Getting cosy | © melkhagelslag/Pixabay

Picture of Evelyn Smallwood
Updated: 28 December 2017
It’s a common descriptor on German, Austrian and Swiss vacation home listings, but what does gemütlich, or its noun equivalent Gemütlichkeit, really mean? Candles? Cookies fresh out of the oven? The short answer is that it’s hard to explain, but we’ll give one of Germany’s best inventions our best shot.

Gemütlichkeit is often defined in English as pleasant, friendly or cosy but none of these descriptors are really accurate as all are just parts of what makes up a gemütlich situation. The Danish concept of hygge is roughly similar to gemütlichkeit, though in Germany the idea is not necessarily centred around the home.


Gemütlichkeit is not romantic

Gemütlichkeit is a feeling, not an object, that everyone who’s present in a room recognizes since everyone contributes to it in some way. Gemütlichkeit can happen between two people, or partners or many people, but not to someone who’s alone. It is not necessarily romantic and is difficult to achieve with small children, mostly because they aren’t usually able to be quiet for long periods of time.


Gemütlichkeit is an active stillness, not laziness

Flopping down on the couch and watching ‘Fuller House’ is not gemütlich. Sitting in a coffee house with a companion and never speaking to each other while you both read separate books is definitely gemütlich. Actively making time to be still and recharge (rather than lapsing into a temporary vegetative state) is an important component of Gemütlichkeit. If you feel recharged afterwards and not more tired, you’re doing it right.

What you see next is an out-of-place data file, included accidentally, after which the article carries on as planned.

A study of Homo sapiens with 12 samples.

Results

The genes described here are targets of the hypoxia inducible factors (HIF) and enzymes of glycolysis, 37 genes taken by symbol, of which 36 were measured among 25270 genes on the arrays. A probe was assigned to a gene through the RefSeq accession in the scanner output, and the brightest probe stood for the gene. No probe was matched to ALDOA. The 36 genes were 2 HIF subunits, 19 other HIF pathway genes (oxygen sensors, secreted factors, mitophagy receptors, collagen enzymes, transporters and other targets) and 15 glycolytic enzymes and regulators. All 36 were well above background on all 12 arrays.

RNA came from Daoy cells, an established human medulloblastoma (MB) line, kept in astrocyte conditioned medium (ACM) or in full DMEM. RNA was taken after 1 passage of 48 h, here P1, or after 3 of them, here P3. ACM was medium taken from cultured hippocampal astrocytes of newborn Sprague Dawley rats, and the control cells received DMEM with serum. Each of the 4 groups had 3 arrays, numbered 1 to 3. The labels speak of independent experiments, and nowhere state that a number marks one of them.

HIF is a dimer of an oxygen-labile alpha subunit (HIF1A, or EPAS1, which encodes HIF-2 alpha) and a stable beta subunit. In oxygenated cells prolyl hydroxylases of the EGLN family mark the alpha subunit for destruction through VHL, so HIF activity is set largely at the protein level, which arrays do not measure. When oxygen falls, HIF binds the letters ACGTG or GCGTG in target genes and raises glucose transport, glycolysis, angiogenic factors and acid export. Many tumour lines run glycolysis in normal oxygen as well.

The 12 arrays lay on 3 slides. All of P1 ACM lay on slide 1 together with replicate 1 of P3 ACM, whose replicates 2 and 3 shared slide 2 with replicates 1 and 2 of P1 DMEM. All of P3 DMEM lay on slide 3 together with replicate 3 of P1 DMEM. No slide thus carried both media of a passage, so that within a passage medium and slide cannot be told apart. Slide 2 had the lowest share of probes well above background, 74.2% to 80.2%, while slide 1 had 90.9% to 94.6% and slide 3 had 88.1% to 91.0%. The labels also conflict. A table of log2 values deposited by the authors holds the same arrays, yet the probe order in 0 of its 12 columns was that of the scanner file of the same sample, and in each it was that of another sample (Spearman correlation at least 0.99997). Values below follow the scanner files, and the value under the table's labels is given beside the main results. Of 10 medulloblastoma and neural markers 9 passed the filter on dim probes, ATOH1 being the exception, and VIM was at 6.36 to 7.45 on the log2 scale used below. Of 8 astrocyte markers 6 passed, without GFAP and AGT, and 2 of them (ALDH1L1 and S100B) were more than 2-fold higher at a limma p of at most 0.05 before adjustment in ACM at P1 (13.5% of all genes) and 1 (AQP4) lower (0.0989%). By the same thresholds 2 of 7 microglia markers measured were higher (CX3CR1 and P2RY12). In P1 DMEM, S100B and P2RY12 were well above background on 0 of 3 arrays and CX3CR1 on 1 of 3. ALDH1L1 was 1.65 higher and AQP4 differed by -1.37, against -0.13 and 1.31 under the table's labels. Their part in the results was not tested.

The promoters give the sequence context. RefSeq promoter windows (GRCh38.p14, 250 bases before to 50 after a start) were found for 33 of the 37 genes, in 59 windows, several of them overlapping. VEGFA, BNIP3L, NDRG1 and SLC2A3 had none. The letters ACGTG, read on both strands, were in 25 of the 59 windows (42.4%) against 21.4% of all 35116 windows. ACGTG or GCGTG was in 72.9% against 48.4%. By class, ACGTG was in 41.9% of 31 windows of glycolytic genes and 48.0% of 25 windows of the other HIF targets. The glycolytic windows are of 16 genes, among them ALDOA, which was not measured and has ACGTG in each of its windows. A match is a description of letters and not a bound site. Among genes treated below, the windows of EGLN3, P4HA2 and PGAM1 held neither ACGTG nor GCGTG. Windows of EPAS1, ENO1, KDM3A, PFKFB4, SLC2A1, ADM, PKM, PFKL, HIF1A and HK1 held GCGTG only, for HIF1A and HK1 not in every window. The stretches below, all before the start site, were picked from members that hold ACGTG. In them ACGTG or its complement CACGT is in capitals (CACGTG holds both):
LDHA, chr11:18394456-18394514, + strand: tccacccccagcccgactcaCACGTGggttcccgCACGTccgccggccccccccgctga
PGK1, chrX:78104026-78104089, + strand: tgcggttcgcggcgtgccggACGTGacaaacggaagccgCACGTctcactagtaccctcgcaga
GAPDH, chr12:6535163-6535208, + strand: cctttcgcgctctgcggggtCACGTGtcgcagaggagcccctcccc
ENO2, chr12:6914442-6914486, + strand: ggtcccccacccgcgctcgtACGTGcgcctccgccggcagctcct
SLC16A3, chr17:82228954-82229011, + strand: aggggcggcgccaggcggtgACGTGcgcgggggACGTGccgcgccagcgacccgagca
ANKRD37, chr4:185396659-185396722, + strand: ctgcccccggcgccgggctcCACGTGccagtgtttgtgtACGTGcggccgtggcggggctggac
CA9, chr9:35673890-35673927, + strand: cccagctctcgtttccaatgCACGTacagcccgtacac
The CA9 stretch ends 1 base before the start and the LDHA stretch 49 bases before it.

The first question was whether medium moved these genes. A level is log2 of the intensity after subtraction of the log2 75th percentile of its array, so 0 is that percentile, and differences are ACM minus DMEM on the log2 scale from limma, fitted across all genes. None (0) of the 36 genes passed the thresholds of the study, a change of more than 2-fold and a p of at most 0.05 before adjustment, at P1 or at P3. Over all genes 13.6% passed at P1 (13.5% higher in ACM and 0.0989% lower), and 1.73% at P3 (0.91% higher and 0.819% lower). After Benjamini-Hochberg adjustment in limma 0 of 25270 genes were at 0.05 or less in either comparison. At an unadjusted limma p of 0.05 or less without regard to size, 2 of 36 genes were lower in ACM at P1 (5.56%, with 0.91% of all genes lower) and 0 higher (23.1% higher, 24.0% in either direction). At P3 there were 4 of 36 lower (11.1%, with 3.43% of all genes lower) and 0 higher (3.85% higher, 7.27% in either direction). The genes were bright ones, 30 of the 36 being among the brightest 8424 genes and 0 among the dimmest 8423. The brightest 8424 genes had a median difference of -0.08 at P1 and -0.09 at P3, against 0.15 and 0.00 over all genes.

Gemütlichkeit is social acceptance

Gemütlichkeit cannot be experienced alone because one of its necessary components is having a sense of social belonging. And we’re not talking about being at a dinner and having everyone stop by at your table to talk, or being the life of the party. It’s more about doing something, like spending an afternoon at a beer garden, that everyone in the community recognises as a pleasant but largely pointless activity.

Gemütlichkeit is more than candles, cosiness or a warm cup of tea

Sure, those are all common elements in a gemütlich situation, but what makes the concept so difficult to translate into English is that even having all of those things, plus maybe a slowly darkening night, fresh snow, church bells, some piano music in the background, a comfortable chair or something nice to read, doesn’t necessarily add up to gemütlichkeit.

Anyone selling cashmere socks will have you believe otherwise, but Gemütlichkeit is more than just ‘stuff’. It’s about people and good feelings coming together to make an essential nothing—the pixie dust that makes an afternoon magical.